The initial revision of the LG 29EA93 was very uniform overall, where I remarked, “For white uniformity, the 29EA93 is truly a cut above.” Despite this, LG was unhappy about the performance of the corners and went back and tightened the tolerances of assembling the screen to get better performance out of it. Unlike before, no areas drop below 180 cd/m² of light output, keeping the whole screen uniform within 10% when using the same 5x5 ANSI test pattern as before.

Light Output in cd/m2

Output Deviation Relative to Center

There are two points on the side that are slightly darker, in the same location as before, but the light loss in those areas is less than before. Overall the white uniformity manages to maintain its reputation of being great.

Black Uniformity is what had the issue before, with the corners having a lot more light creeping into the corners. This time that condition no longer exists. The only actual error that you can see is that one of the dimmer areas from the white uniformity is very dim in the black uniformity screen as well, but something being darker rather than lighter is a good thing.

Light Output in cd/m2

Output Deviation Relative to Center

Now looking at contrast uniformity, we see the most impressive result for the 29EA93 yet. The average contrast value here is 1267:1, and the corners maintain a contrast level of 1252:1. This is now the best display I’ve seen in terms of contrast uniformity, with no areas of the screen that are a cause of concern to me at all. I really hope other manufacturers see what LG was able to do here with better quality control and bring that to their displays to provide similar results.

Contrast Ratio

Contrast Ratio Deviation Relative to Center

For dE uniformity, I used the Uniformity tool available in CalMAN that can measure up to 45 points on the screen. For this display I used 21 points, in a 7x3 grid, which was a perfect match to the 21:9 ratio of the screen. The Uniformity tool isn’t completely finished yet, which is why I didn’t use it for brightness yet, but the dE uniformity is close to what we used to do, only with more data. Once the Uniformity tool is finished it’ll provide even better data, and I can go back to this review and update the graphs to match.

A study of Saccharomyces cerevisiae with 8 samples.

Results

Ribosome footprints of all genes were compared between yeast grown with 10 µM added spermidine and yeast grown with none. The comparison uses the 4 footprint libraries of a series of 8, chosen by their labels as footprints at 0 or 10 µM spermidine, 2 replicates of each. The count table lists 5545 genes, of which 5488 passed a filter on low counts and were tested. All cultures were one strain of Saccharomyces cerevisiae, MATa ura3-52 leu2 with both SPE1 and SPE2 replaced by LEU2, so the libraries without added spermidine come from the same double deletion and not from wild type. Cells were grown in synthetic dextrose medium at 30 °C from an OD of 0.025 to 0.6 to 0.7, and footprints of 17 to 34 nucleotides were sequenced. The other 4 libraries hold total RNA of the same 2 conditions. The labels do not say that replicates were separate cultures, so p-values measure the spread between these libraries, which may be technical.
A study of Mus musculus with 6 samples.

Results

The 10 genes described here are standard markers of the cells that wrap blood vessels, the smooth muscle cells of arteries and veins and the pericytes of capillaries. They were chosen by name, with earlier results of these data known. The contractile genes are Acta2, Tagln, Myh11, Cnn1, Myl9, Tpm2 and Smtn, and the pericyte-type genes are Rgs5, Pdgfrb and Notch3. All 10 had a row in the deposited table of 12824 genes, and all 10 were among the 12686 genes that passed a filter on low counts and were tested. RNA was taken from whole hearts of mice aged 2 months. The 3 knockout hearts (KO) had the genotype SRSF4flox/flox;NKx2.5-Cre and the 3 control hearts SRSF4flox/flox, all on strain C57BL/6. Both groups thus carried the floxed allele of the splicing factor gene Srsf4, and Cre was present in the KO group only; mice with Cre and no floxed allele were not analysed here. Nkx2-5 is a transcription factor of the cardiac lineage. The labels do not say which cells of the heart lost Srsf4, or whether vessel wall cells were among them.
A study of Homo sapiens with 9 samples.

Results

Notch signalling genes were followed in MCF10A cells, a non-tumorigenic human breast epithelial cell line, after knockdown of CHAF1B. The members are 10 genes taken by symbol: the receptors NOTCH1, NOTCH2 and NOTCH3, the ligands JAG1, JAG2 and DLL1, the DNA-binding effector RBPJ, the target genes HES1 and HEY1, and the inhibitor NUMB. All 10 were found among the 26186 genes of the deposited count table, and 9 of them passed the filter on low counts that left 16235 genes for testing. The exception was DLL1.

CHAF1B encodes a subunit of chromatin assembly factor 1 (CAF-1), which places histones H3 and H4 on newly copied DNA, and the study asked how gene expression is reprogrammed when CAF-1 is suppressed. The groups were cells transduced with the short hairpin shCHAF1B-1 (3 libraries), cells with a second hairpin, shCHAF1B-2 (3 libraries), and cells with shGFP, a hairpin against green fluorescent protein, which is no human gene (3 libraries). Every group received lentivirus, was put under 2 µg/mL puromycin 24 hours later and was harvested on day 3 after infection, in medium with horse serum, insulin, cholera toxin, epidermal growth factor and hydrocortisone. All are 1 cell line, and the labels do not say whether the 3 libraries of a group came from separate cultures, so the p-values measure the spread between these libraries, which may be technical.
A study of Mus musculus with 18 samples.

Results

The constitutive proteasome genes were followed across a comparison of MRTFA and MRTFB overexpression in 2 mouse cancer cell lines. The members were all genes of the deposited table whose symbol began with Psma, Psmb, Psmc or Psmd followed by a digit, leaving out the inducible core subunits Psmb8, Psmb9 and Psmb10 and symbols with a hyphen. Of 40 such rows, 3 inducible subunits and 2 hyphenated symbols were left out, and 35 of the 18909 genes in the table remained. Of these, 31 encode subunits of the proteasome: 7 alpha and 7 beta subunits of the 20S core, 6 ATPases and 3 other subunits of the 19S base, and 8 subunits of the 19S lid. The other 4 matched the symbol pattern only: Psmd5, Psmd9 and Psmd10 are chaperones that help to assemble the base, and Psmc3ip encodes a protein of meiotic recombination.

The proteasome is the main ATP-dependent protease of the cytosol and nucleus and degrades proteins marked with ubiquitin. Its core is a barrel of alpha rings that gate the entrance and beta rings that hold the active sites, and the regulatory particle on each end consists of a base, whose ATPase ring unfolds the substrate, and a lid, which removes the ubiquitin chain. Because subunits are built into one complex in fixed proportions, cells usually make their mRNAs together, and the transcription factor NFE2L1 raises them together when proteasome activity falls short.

As you can see the center of the screen has very good color quality that we saw earlier. The extreme corners exhibit a bit of color drift with dE values that are a little worse, but only the upper-right corner moves past the 3.0 value that would indicate a color change that we can see. In comparison to the contrast numbers the color quality is only very good, but as this is the first display to be tested this way, it wouldn’t surprise me if this is the best display we see for a while and this method only accentuates the errors.

Colorchecker dE Uniformity

The LG 29EA93 was already a very good performer when it came to uniformity, and the improvements that LG made only increase that performance. The extra attention paid to make sure that the assembly of the extra-wide panel is done right has served to produce the most uniform consumer display that I’ve seen so far.

Color Performance AV Use and Calibration

    I would soooo buy that.
  • Soda-88 - Tuesday, February 12, 2013 - link

    You should've make screenshot comparison between 1920x1080 and 2560x1080 in popular competitive games (SC2, CS, LoL, Dota2, etc.) to see if you gain or lose on the viewport.
  • Soda-88 - Tuesday, February 12, 2013 - link

  • DaFox - Tuesday, February 12, 2013 - link

    You should check out the WSGF.

    For example: DOTA2 is Hor+ and supports AR's wider than 16:9 so you can see more.

    SC2 is Hor+ up to 16:9 but clamped there.
    CS:GO is Hor+ and supports AR's wider than 16:9.
    LoL is Hor+ and supports AR's wider than 16:9.
  • cheinonen - Thursday, February 14, 2013 - link

    I've added a couple screenshots to the Lag and Power Use page. If I can add more before returning it I will.
  • taltamir - Tuesday, February 12, 2013 - link

    How do we differentiate the new awesome monitor from the old crummy one in the story if both have an identical name?
  • cheinonen - Tuesday, February 12, 2013 - link

    That I don't have info on. It never went on sale in the USA I believe, as they wanted the fixes to be done, but the new version started rolling out last month to places where it was already on sale.
  • GiantPandaMan - Sunday, February 17, 2013 - link

    I actually just saw it at Fry's for $699 just tonight. I'm guessing it was the new revision (the shipment was from last month) but $699 is a lot to gamble on. I was still horribly tempted to buy it, but was worried since I don't know how to differentiate between the new and the old revision. There's no one at LG you could bug for the information?
  • cheinonen - Monday, February 18, 2013 - link

    I talked to LG and have more information on this now. You can tell from the packaging if it is the new version or not, but I'll have to update the review with an image showing how today. However, if you buy one that isn't Revision 1.25, you can contact LG support and arrange to send it in to have the firmware upgraded as well.
  • 5150Joker - Saturday, March 23, 2013 - link

    Contact them how? I tried contacting the US customer services branch and they have no idea about these firmware updates. Will you provide readers with such a contact?